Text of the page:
Much of the political talk this past week has been of UKIP's ineptitude. The resignation that never was has now been followed by the sacking that never was, with Suzanne Evans unceremoniously dumped and inelegantly reinstated as a party spokesperson for the European separatists in the space of mere hours.
With a European referendum that will now be on us before we know it, however, my gaze has been drawn by the comparable ineptitude of their opponents.
For despite their many and various flaws, UKIP have succeeded in their primary goal: to put Britain's exit from the European Union at the top of the political agenda in this country. Through a combination of individual charisma and collective vision, they have brought us all to a point where leaving Europe just might become a reality.
They may lack - at the moment - the Scottish National Party's polish and political guile, but they have matched Sturgeon, Salmond et al for momentum and sheer intrigue, and perhaps even trumped them when it comes to disrupting the traditional elite. At a time when economic concerns have become the black whole in which all other political issues have been swallowed, for a European referendum to become a reality is no small achievement.
Of course, this could not have happened without the clear support of vast swathes of British society. They may not have won a political earthquake's worth of seats in May's election, but there was certainly some seismic activity as almost 4 million people voted UKIP.
For many, the party have simply captured a pre-existing zeitgeist, tapping in to a national desire for more control over Britain's borders, mistrust of immigrants and general anti-European sentiment. But to my mind, this has certainly been developed, if not part-created, by the vision UKIP have chosen to communicate, and the way they have communicated it.
UKIP are impassioned. They believe - and demonstrate their belief - in the idea of British values for British people. These values - and people - they feel are distinct from the values of Europe. They think Britain's interests are distinct from those of Europe. That life would be better outside the EU. That life can look better. Feel better. Be better.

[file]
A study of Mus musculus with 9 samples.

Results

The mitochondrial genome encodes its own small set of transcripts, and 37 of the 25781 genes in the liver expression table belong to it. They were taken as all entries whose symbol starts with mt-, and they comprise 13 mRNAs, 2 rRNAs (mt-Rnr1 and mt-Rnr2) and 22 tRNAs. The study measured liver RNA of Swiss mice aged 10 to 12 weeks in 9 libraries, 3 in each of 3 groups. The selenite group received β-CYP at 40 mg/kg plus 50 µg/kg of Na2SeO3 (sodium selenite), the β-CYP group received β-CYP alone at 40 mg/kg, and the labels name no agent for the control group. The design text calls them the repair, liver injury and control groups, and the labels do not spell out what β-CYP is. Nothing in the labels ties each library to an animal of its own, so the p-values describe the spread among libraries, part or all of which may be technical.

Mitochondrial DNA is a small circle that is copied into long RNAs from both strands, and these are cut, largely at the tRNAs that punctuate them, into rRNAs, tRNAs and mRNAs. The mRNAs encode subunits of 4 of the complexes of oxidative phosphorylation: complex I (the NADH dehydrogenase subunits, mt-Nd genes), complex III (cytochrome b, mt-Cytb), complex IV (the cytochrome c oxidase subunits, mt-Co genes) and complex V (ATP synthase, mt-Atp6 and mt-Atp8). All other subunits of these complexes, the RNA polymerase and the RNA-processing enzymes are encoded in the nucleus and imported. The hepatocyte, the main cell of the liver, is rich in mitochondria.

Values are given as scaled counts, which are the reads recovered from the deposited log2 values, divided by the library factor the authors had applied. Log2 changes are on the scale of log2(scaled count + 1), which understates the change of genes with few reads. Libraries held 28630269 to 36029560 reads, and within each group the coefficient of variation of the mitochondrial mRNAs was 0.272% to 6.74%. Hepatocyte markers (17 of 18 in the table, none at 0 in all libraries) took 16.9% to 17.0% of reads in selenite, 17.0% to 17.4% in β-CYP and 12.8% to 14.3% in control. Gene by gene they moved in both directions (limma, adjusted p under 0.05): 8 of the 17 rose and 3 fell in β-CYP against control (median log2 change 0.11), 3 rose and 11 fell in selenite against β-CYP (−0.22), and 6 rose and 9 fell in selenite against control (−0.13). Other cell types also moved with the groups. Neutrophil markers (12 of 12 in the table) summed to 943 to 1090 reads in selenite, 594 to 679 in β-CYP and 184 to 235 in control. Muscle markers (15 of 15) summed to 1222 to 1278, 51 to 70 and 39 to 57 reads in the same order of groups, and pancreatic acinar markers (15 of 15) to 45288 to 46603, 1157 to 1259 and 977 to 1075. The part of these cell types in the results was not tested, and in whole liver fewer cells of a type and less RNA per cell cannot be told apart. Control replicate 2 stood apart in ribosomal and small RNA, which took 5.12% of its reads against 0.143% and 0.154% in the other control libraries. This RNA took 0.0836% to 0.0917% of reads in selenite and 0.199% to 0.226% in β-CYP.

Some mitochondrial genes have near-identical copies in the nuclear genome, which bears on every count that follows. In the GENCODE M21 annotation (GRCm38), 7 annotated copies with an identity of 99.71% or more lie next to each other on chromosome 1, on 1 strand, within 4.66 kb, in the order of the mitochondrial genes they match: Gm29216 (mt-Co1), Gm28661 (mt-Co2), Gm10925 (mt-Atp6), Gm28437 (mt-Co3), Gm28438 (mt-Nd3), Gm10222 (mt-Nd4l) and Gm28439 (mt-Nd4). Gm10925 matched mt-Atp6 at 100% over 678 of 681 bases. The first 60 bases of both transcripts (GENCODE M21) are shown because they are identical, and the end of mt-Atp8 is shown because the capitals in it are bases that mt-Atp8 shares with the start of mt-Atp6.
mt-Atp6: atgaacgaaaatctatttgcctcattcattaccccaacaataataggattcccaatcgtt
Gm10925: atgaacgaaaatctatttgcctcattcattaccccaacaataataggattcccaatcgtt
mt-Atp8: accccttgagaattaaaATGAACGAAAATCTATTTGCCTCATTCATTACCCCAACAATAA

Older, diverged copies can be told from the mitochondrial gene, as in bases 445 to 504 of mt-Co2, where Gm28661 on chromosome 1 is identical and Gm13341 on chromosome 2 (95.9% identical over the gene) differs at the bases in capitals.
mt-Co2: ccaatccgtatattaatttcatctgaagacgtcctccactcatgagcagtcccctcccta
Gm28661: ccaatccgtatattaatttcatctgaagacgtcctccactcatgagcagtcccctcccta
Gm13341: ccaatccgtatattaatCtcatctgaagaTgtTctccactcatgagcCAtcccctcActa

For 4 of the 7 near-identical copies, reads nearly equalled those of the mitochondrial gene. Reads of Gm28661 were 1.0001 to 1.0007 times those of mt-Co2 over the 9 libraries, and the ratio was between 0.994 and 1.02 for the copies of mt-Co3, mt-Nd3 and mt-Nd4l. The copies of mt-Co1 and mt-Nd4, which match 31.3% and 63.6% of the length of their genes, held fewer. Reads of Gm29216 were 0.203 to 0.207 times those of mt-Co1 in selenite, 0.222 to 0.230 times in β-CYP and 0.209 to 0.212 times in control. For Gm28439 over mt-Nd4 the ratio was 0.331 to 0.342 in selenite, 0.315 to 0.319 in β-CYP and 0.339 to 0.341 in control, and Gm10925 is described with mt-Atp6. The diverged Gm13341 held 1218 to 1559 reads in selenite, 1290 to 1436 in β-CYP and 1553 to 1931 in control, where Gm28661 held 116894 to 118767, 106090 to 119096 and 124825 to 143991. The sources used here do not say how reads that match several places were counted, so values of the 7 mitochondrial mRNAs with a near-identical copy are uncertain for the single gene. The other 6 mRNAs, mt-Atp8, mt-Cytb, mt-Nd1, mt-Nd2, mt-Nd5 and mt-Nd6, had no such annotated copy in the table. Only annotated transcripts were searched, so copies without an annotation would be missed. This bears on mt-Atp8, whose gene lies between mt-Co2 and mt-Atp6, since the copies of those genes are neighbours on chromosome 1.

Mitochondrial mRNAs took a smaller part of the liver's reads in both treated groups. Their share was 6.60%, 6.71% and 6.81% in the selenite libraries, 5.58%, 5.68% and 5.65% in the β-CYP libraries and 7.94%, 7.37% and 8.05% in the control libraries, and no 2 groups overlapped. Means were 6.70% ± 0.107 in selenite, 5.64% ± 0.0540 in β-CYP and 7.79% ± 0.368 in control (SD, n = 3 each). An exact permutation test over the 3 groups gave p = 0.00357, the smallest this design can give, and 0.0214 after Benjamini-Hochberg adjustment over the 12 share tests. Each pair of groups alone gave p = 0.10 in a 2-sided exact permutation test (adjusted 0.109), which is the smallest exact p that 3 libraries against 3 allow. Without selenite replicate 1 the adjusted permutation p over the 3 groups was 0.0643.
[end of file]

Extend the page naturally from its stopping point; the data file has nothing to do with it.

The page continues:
It's stirring stuff. And it works. Or at least it almost worked in Scotland. Last year's referendum saw the Scottish separatists putting forward an almost identical argument for Scotland to leave the UK. The choice came down to this passionate, exciting, uplifting and positive argument against the sensible, cautious, safety-first approach of the no campaign. When dour old Gordon Brown has to step in at the last minute to offer the first truly fervent and engaging speech of a political campaign, you know there is a problem.
Of course, at the last minute, just enough Scots decided that safety-first was their best option. But it was by no means conclusive. And the result - and subsequent General Election - has clearly left the door open to a future referendum on the subject.
Again, it appears, the forthcoming European referendum will follow the same model. The political elite, most of whom will support the status quo, will take the safety-first line. It won in Scotland (just). It even contributed to the General Election. So to them, it seems, it will probably win again.
I'm not so sure. The popularity of the SNP and UKIP is itself a testament to long term dissatisfaction with the status quo. At some point, without doubt, this will be reflected in results in the polling station. There have been close calls. The warnings need to be heeded.
There needs to be passionate, positive support for Britain's continued membership of the EU.
For this paragraph, I wanted to find some examples of this passionate support which have slipped under the media radar. Perhaps I need more practice as a researcher. Or perhaps there just haven't been any. This is very strange. Even if the primary narrative is that staying in the EU would be 'safer', surely there would be no harm in adding some passion to proceedings?
For what it's worth, I can think of a fair few reasons to stay in Europe.
For one, we might leave the EU, but we will never leave Europe. It is perfectly possible to have breakfast in Birmingham, and lunch in La Rochelle. The comfort of a train can take you from London to Lille in less than an hour and a half. Europe may not quite be what some Americans imagine - some of my stateside friends are clearly of the belief that Big Ben can be seen from the top of the Eiffel Tower - but we are definitely part of it. No matter how passionate he is, Nigel Farage will never be able to tow us further out into the Atlantic Ocean.
And as a result, we are most definitely 'European' as a people. Our work ethic is not quite German, our cooking not quite French, our football not quite Spanish, and our politicians not quite Italian, but we are much closer than you might think. When travelling in Europe, I am always struck by how similar so many things are to back home. If not slightly better.
I feel European. I believe in it. So let's hear from some politicians who feel the same.
I can think of a few who might. A number of frontline politicians have European wives (including a certain Nigel Farage), many have worked, or even grown up, on the continent. Some have even spoken in the past of their admiration for the concept of Europe. In 2006, a certain Boris Johnson wrote a book called 'The Dream of Rome', vast swathes of which focussed on his admiration for Imperial Rome's success in developing and spreading a common European identity, and how that may apply to contemporary Europe.
It is time more people heard about this dream. Before UKIP and their allies subject us all to a nightmare.